The Battle of Williamsburg gets lost in histories of the Peninsula Campaign as a minor prelude, but it deserves better. Earl C. Hastings Jr and David Hastings seek to restore Williamsburg to its proper status in what appears to be the only book-length study of the battle.
The first thing to note about the authors is that they are locals with an intimate and detailed knowledge of the ground. They seem to have walked it all including private areas not generally accessible to the public. That knowledge combines with their research on the defences and the concepts of military engineering behind them to deliver an excellent grasp of the challenges facing both the defending Rebels and the assaulting Union Army.
While the authors go to great lengths to debunk many of the hackneyed myths about the battle they do deliver credit to its traditionally well known figures e.g. Kearny, Hooker, and Hancock. They also note the performance of less well-known characters like John J. Peck. On the rebel side they are rather more forgiving of John Bankhead Magruder than many authors before or since, choosing to ascribe his performance to exhaustion and disappointment rather than drink ("tired and emotional" in British Parliamentary code). The less well known elder Ewell brother, Benjamin S. Ewell, also gets some well-deserved publicity.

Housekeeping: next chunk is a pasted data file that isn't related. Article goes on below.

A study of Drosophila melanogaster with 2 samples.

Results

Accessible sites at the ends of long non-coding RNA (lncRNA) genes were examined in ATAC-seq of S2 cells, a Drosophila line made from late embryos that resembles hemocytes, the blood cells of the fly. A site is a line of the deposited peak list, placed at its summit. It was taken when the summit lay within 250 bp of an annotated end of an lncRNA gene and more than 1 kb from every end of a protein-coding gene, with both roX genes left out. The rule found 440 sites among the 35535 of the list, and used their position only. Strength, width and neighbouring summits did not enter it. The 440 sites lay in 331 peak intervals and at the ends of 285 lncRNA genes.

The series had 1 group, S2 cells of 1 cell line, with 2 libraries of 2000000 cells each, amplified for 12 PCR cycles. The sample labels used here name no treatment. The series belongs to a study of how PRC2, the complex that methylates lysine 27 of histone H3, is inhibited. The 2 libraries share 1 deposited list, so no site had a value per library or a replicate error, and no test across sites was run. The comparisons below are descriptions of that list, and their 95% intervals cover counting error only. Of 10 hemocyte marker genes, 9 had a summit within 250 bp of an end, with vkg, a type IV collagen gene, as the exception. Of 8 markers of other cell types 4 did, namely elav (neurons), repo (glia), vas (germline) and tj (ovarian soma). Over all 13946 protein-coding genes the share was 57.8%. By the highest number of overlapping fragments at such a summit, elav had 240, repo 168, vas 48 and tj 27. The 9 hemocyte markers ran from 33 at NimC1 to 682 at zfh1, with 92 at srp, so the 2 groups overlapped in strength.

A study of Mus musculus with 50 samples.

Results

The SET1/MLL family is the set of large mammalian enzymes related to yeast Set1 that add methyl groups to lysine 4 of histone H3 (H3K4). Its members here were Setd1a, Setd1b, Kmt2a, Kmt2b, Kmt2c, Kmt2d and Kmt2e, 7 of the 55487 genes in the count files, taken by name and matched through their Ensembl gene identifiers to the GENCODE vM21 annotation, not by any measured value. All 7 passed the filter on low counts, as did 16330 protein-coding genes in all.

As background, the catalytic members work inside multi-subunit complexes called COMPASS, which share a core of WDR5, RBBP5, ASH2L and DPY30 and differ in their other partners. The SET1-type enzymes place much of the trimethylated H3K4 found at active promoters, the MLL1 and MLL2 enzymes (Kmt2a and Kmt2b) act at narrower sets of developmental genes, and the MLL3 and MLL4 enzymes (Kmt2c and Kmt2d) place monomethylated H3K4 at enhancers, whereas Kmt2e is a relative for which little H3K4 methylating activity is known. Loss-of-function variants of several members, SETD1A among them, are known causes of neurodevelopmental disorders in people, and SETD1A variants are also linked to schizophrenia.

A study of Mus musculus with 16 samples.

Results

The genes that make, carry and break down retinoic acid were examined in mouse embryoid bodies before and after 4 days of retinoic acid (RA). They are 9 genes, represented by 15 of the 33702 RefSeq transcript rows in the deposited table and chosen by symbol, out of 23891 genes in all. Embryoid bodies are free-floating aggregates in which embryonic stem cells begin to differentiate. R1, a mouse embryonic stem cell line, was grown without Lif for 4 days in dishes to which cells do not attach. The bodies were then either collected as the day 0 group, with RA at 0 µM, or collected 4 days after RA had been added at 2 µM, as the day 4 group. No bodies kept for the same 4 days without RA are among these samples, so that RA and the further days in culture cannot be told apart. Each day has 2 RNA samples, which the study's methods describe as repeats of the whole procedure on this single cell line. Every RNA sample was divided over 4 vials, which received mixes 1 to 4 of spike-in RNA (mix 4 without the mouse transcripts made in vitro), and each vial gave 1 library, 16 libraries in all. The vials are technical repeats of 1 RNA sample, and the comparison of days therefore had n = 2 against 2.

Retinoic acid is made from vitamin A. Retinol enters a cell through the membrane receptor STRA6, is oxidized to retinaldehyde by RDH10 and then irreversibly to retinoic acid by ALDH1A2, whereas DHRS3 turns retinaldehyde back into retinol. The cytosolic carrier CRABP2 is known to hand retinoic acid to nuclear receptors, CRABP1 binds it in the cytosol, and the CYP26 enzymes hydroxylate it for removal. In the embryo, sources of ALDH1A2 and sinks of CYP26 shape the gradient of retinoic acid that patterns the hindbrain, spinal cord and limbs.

In a level of detail that would frustrate Phil Kearny (who described it as "minor affair") the authors give an excellent description of Hancock's crossing of Cub Run, his seizure of the abandoned redoubts, and his repulse of the piecemeal attacks of Early and D.H. Hill.
Yes there are a great many typographical errors in the book (good luck working out who the historians referred to are - their names are often garbled beyond recognition) and the odd error creeps in on the periphery (they have the West Point goats assigned to the infantry rather than to the cavalry) but for anyone interested in a thorough and engaging treatment of this early battle this is a must have text.